The notorious hacktivist Phineas Fisher said they paid a bounty of $10,000 to another hacker who obtained and leaked Chilean military emails.
Phineas Fisher told Motherboard that this was the first payment part of the controversial bounty they announced last year called the “Hacktivist Bug Hunting Program.” The money went to the person responsible for stealing around 3,500 emails from several email accounts belonging to Chilean military personnel, a hack dubbed “Milico Leaks” by the leaking platform Distributed Denial of Secrets.
The Chilean Army disclosed the hack in a tweet from its official account in December, which included a press release on the breach of “six emails accounts belonging to the @ejercito.cl domain.”
The press release blamed “an organization of cyber criminals,” and downplayed the incident, saying it only affected accounts managed by an external provider. Those accounts were used to interact with providers and companies that regularly work with the Army, according to the press release.
The Army did not respond to a request for comment.
The hacker stole 3,474 emails, 1,340 documents, and 401 images, according to a news report.
Motherboard was not able to speak directly to the hacker responsible for the leak. Phineas Fisher is a longtime source of Motherboard's who has regularly proven that they perpetrated the hacks they've claimed to. In this case, though they said they paid out the bounty, they did not show us a receipt for the payment.
Phineas Fisher said that the hacker did not submit this hack and leak as part of the bounty program. Phineas Fisher said they offered to pay after they saw the leak and “liked it.”
“This was a much smaller hack with a much smaller impact. But this hack was an excellent choice of target, at an important moment in the social struggle,” Phineas Fisher said in an email. “And they got some interesting things in the leaked emails, so it absolutely qualifies for a bounty.”
The hacker who claimed responsibility for the hack and leak of the Chilean military email released a short manifesto at the time of the hack.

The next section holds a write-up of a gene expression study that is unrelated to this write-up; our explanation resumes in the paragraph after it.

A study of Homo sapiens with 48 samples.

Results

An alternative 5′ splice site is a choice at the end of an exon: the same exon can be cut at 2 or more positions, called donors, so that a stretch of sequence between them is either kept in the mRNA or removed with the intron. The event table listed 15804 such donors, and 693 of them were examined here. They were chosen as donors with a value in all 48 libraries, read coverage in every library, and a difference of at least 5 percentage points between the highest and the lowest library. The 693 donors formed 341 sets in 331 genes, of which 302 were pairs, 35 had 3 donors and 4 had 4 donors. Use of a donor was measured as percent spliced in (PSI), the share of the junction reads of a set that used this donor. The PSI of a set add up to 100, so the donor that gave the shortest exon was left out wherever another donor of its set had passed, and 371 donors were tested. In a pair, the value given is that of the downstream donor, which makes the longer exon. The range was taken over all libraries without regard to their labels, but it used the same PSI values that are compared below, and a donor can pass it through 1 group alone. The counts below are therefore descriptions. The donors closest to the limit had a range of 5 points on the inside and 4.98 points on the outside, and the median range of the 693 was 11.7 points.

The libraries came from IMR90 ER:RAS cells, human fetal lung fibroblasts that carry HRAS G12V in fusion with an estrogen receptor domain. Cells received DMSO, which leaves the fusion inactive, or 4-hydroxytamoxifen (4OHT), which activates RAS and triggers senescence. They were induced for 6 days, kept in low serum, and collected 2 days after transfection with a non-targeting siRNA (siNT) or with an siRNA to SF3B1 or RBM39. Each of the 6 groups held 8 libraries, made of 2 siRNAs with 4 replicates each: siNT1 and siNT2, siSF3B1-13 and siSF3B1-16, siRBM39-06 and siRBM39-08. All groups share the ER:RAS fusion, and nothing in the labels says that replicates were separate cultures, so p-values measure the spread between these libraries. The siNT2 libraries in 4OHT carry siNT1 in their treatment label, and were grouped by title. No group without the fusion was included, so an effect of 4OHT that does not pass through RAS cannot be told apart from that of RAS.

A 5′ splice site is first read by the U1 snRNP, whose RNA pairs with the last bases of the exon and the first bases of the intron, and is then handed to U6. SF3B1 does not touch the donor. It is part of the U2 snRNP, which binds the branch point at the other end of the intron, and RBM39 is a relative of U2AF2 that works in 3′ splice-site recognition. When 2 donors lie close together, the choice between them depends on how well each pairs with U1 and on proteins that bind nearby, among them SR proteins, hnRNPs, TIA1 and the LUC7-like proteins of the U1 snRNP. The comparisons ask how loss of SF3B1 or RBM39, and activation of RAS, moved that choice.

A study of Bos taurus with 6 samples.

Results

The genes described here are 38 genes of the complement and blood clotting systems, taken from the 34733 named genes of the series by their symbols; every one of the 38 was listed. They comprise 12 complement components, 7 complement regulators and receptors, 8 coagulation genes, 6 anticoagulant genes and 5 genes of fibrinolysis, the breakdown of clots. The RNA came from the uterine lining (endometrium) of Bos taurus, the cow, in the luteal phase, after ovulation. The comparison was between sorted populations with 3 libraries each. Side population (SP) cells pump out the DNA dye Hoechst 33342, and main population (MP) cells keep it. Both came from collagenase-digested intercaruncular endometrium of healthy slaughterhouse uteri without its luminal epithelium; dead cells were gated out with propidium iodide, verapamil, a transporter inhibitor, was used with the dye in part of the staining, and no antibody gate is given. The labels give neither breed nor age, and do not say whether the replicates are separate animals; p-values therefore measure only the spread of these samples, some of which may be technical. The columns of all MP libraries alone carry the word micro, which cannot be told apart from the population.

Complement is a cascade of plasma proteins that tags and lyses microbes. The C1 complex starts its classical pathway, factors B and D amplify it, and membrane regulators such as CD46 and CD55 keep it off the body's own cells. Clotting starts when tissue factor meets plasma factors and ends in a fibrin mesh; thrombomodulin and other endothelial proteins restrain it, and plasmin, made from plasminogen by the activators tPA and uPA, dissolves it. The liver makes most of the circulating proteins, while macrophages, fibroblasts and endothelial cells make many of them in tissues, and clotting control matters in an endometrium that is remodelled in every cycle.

“Freedom for the political prisoners in Chile! Justice for those who have been mutilated and murdered by the Chilean state!” reads the manifesto. “We are tired, angry, but more united than ever. We are those who are left over, the forgotten, we are legion. See you on the streets.”
Phineas Fisher said that this was an important leak because it showed that some agents of Chilean dictator Augusto Pinochet were released after serving just a short time in prison despite having long sentences for human rights crimes. The hacker also highlighted the timing of the leak, which came as the country was rocked by widespread protests.
“Millions said ¡ya basta! and took to the streets and a couple hackers said ¡ya basta! and sat down at their computers, and produced pacoleaks and milicoleaks,” Phineas Fisher said.
“Millions said ¡ya basta! and took to the streets and a couple hackers said ¡ya basta! and sat down at their computers, and produced pacoleaks and milicoleaks.”
Phineas Fisher said that they have yet to receive a submission for their Hacktivist Bug Hunting Program.
“Maybe it's the things that are hardest to quantify and measure that are actually the most important in life. So you could say that with hacktivism almost nothing has happened and it's a failure,” Phineas Fisher said. “I think it just means that me and others are focusing on other parts of life. But there's a time for everything, a time to hack will come.”